Sinclair-owned news stations promoted a pre-taped segment praising President Trump’s decision to impose tariffs on foreign nations this week, amid controversy over a leaked “must-run” script.
The canned clip, a recurring “commentary” segment called “Bottom Line with Boris,” features former Trump campaign adviser Boris Epshteyn delivering administration-friendly talking points on the president’s proposed tariffs, which target countries like China.
“The newly negotiated trade deal between the United States and South Korea shows the new tariffs on steel and aluminum, which went into effect last week, are already paying dividends,” Epshteyn said, citing a March 25 pact between the two countries that forces South Korea to slash its steel exports to the United States by 30 percent, while exempting it from a regular 25 percent tariff.
“Here’s the bottom line,” he said. “This new deal with South Korea is a win for American businesses and our economy. Instead of causing trade wars, as critics have feared, the new tariffs…are pushing our trading partners to engage in fair trade with the United States.”
The canned segment was aired on multiple other Sinclair-owned stations this week, often during regular daytime news programming, and is one of several “must-runs” that Sinclair distributes to its stations on a regular basis. Other “must-run” segments include the previously recurring “Behind the Headlines” with Mark Hyman, Sinclair’s vice president for corporate relations, and a must-run segment produced by former RT correspondent Kristine Frazao, which features former Trump adviser Sebastian Gorka pushing a conspiracy theory about the so-called “Deep State,” an unelected group of government officials who are supposedly manipulating administration policy.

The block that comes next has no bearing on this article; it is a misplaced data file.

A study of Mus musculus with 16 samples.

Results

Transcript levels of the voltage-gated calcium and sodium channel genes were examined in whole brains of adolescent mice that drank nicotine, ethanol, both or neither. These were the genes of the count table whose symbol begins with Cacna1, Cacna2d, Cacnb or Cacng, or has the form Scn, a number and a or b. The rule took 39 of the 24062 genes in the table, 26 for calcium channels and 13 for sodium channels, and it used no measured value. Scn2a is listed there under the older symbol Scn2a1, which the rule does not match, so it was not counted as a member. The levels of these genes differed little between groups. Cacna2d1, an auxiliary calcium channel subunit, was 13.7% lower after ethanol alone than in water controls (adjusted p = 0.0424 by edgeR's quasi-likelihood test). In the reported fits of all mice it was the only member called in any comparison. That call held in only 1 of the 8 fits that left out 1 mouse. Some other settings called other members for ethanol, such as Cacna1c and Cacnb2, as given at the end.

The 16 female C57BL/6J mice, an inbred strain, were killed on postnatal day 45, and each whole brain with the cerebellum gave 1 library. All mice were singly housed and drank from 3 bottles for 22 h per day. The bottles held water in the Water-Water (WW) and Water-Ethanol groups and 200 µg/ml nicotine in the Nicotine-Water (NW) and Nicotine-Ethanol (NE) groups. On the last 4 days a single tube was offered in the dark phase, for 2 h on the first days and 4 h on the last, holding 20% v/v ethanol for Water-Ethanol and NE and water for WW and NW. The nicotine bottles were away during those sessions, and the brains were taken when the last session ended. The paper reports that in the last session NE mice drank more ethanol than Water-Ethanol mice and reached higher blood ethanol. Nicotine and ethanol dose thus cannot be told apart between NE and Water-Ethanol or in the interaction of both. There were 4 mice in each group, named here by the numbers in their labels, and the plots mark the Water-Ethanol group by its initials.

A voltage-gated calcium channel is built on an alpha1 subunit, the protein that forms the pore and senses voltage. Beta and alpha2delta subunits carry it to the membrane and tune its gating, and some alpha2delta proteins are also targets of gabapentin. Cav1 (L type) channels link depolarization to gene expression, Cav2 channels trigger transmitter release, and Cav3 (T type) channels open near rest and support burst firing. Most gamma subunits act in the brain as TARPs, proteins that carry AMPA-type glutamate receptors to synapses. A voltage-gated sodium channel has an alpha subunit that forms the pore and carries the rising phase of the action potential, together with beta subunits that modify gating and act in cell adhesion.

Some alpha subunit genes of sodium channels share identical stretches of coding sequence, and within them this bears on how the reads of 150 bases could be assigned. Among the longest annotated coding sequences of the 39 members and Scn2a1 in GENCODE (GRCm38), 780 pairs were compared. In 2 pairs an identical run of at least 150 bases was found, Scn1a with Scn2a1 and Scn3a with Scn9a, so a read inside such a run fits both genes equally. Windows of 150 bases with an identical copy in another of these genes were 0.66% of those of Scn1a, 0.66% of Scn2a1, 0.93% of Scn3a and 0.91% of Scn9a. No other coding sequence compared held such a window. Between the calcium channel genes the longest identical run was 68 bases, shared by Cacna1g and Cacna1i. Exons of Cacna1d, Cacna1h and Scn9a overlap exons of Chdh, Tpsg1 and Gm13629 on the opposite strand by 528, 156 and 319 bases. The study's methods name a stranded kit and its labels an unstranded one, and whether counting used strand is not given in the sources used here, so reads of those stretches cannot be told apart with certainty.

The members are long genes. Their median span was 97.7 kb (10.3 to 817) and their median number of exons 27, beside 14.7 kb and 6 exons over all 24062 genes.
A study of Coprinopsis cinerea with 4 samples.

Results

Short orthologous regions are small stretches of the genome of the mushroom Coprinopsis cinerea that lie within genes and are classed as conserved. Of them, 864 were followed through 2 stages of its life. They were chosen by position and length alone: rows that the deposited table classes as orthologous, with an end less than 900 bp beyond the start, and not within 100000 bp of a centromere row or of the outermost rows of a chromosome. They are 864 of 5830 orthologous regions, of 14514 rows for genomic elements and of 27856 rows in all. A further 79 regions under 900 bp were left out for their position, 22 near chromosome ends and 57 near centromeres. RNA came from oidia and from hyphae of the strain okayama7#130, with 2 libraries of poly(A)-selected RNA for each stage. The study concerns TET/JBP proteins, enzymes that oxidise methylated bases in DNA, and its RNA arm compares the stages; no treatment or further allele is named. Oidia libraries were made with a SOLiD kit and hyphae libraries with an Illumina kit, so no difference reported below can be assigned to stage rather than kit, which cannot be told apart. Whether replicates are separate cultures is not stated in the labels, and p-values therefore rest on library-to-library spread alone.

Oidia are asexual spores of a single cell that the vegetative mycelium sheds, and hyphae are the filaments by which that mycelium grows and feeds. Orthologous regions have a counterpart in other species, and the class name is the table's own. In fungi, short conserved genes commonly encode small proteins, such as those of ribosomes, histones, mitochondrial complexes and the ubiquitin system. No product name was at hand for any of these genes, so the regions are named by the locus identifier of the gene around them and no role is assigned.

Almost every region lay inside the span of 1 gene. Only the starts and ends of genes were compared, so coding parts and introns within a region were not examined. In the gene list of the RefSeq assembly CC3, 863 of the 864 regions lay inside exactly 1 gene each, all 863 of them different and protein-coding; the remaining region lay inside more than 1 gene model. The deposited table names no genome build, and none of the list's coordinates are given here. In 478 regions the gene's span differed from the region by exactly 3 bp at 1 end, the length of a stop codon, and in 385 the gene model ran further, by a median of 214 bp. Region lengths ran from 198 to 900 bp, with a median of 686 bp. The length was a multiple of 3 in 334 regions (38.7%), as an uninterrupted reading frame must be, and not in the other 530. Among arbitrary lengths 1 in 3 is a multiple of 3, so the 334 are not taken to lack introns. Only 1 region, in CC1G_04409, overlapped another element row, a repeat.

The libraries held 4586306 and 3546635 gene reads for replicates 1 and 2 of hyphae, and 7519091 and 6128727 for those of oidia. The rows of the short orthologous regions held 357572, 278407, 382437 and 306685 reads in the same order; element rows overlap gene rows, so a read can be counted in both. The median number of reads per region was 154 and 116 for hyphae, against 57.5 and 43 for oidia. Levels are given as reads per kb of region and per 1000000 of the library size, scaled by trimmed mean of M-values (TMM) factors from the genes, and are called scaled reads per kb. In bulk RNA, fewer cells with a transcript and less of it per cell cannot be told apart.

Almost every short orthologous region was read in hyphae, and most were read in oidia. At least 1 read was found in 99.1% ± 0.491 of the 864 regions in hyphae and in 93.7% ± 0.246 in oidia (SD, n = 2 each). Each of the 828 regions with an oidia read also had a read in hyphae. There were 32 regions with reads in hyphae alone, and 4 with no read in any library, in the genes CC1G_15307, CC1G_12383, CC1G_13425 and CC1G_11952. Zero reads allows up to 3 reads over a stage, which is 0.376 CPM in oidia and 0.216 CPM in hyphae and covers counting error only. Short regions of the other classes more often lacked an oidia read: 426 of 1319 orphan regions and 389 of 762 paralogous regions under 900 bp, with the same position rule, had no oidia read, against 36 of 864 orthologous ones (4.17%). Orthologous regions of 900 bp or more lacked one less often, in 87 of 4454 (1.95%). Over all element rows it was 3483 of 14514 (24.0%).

Epshteyn’s segments in particular are frequently loaded with misinformation, and misleading White House talking points, typically under the guise of actual political analysis and news coverage. Monday’s segment, for instance, praised Trump’s decision to impose tariffs on a number of foreign countries, against the advice of trade experts who said the move could further imperil U.S. workers and farmers. While the initial steel and aluminum tariffs were later adjusted to exclude European Union nations, NAFTA partners Canada and Mexico, and later South Korea, Trump’s latest round of tariffs targeting Chinese exports have not gone over well.
“As the Chinese saying goes, it is only polite to reciprocate,” a Chinese Ministry of Commerce spokesperson stated on Tuesday evening, ahead of an announcement that the nation would issue retaliatory tariffs targeting U.S. soybeans, aircraft, automobiles, and chemical products. “The Chinese side will resort to the WTO dispute settlement mechanism and take corresponding measures of equal scale and strength against U.S. products in accordance with Chinese law.”
More recently, Epshteyn took aim at outlets reporting on Sinclair’s use of such “must-run” segments, posting a video on his YouTube page that blasted the media for supposedly “injecting bias” into their own daily news coverage.
“In terms of my analysis playing during your local news…my segments are very clearly marked as ‘commentary.’ The same cannot be said for cable and broadcast news hosts who inject their opinions and bias into news coverage all the time, without drawing any lines between them,” Epshteyn said.
He added, “I am proud to be the chief political analyst at Sinclair. My goal with every segment is to tell you facts which you may not already know and then my take on those facts. I am thrilled to keep sharing the truth and my perspective with you, day in and day out.”
Conservative-leaning Sinclair, America’s largest owner of local news stations, came under fire last week after KOMO-TV in Seattle, Washington shared with the Seattle Post-Intelligencer a script from a must-run segment that anchors were required to read on-air. The script denounced competitor outlets for reporting “false news” and was widely seen as a reference to President Trump’s preferred term for the press, “fake news.”
Sinclair has since claimed it did nothing wrong in distributing the segment and others like it.
“The promos served no political agenda, and represented nothing more than an effort to differentiate our award-winning news programming from other, less reliable sources of information,” a spokesperson stated.